Partnership for Safety and Justice has been engaged in policy research and thought leadership from the beginning. Here are some of our most expansive publications. Our Justice Reinvestment page has more information about Justice Reinvestment in each of Oregon’s 36 counties. For legislative one-pagers or additional columns, email us at firstname.lastname@example.org or call (503) 335-8449.
Celebrating 20 Years: Our 2017-2018 Impact Report (Summer 2019)
Our focus on the people most affected by both crime and the justice system endures as the foundation of PSJ’s work. For 20 years, our holistic vision has inspired generations of our advocates and allies and informed justice reform efforts across the country. Read more here.
“All of us have a shared interest in transforming our justice system,” by Andy Ko, executive director (Oregonian, 2018)
At Partnership for Safety and Justice, one of our core beliefs is that crime victims and people who have committed crimes have a shared interest in transformation of the criminal justice system. The point of our justice system should be to reduce the harm caused by harmful situations. Read more here.
“A whole-system perspective on why justice matters,” by Andy Ko, executive director (Street Roots, 2016)
Justice isn’t only about what particular people want, need or deserve – or their power to get what they want. For us, justice is about how people interact and how their actions relate to and affect one another. It is about accountability within and across a society. This, by the way, is one reason that we long ago incorporated the rights and needs of crime victims into our reform ethos. Read more here.
We’ve been publishing regular Street Roots columns since 2011. See the complete list here.
Misguided Measures Revisited: Progress and Promise in Oregon’s Youth Justice System (2016)
There is a common thread connecting all of the most harmful practices youth face within Oregon’s justice system: Ballot Measure 11. In order to overcome this enormous hurdle to reform, lawmakers, stakeholders, and advocates must work together to strike a sensible balance between appropriate accountability and increased discretion in the prosecution and sentencing of youth. Until then, we will not be able to realize our vision of a truly effective juvenile justice system. Read more here.
Who Pays? The True Cost of Incarceration on Families (2015)
The findings detailed in this report show the many costs and barriers imposed on incarcerated individuals and their families, the emotional and health costs they experience, and how these costs impede the future success of both families and of communities at large. We’ve also demonstrated the tremendous burdens that women, in particular, experience as direct damage from mass incarceration. As many of these costs fall disproportionately on families and communities that are already struggling, they deepen poverty while dampening any hope of change.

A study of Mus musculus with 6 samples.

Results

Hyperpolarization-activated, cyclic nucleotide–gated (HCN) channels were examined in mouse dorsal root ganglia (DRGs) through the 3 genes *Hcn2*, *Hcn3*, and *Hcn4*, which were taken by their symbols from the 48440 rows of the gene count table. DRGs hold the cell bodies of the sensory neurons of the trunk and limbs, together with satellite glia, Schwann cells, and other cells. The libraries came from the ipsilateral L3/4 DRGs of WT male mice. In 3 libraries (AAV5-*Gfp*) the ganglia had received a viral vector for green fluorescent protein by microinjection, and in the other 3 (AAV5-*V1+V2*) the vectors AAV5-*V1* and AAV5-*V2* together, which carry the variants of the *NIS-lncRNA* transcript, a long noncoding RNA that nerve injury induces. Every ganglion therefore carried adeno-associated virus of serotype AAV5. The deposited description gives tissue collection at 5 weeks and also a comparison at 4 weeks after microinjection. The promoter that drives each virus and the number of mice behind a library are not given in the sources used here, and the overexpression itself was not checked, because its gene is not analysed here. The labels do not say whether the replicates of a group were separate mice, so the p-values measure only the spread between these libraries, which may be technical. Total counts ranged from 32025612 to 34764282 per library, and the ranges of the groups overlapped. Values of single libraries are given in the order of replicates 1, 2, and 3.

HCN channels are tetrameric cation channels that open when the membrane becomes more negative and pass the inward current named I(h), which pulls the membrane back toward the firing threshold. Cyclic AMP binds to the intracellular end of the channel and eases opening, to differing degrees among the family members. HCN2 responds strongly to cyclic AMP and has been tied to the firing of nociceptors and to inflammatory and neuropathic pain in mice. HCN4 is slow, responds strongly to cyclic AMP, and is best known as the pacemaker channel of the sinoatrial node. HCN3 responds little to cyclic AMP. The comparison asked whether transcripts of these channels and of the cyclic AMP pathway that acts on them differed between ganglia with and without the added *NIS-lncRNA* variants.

Moving ahead, the families and communities proven to provide stability and security for incarcerated individuals and to help reduce rates of recidivism overall should be supported by reforming and reinvesting in policies that do better by families, removing barriers, and restoring opportunities. Read more here.
Bridging the Divide: A New Paradigm for Addressing Safety, Crime, and Victimization (2014)
There is a growing movement to confront the false choice between meeting the needs of crime victims and reforming failed criminal justice and corrections policies.
Increasingly, legislators across the country are hearing from victim advocates that our public safety system is out of balance when so many resources are devoted to prisons. New organizing is responsible for not only passing needed sentencing and corrections reforms but also increasing funding for life-saving victim services and re-orienting our public safety system to be more effective. Read more here.
Moving Beyond Sides: The Power and Potential of a New Public Safety Policy Paradigm (2011)
Incorporating the concerns of crime survivors and victims into a progressive criminal justice reform agenda will take work to shift analytical issue frames, goals, language, and organizational culture. The rewards for taking this step will be plentiful, ranging from increased credibility, a larger and more powerful base of support, the decreased power and influence of a key tough on crime lobby, and the ability to change a broken criminal justice system in ways that truly benefit all the people most impacted: survivors of crime, people convicted of crime, and the families of both. Read more here.
Misguided Measures: The Outcomes and Impacts of Measure 11 on Oregon’s Youth (2009)
Fifteen years after Measure 11 was enacted, the Campaign for Youth Justice and Partnership for Safety and Justice embarked on a study to determine the impact that Measure 11 was having on youth in Oregon. The authors analyzed data on 3,274 young people indicted with Measure 11 offenses since 1995. The authors also looked at a subset of 759 cases handled between 2006 and 2008 to understand the current way Measure 11 is being implemented in the 36 Oregon counties. Read more here.
Access Denied in Oregon: A Report on the Barriers Faced by People with a Past Felony Conviction (2006)
Successful re-entry is difficult, in part, because of a wide range of civil barriers that reduce opportunities for people with a past felony conviction. Unless you are a formerly incarcerated person, or a family member or friend of a former prisoner, the real struggles associated with transitioning back into the community from prison are probably quite unfamiliar. This report is designed to provide a glimpse into some of the existing challenges. Read more here.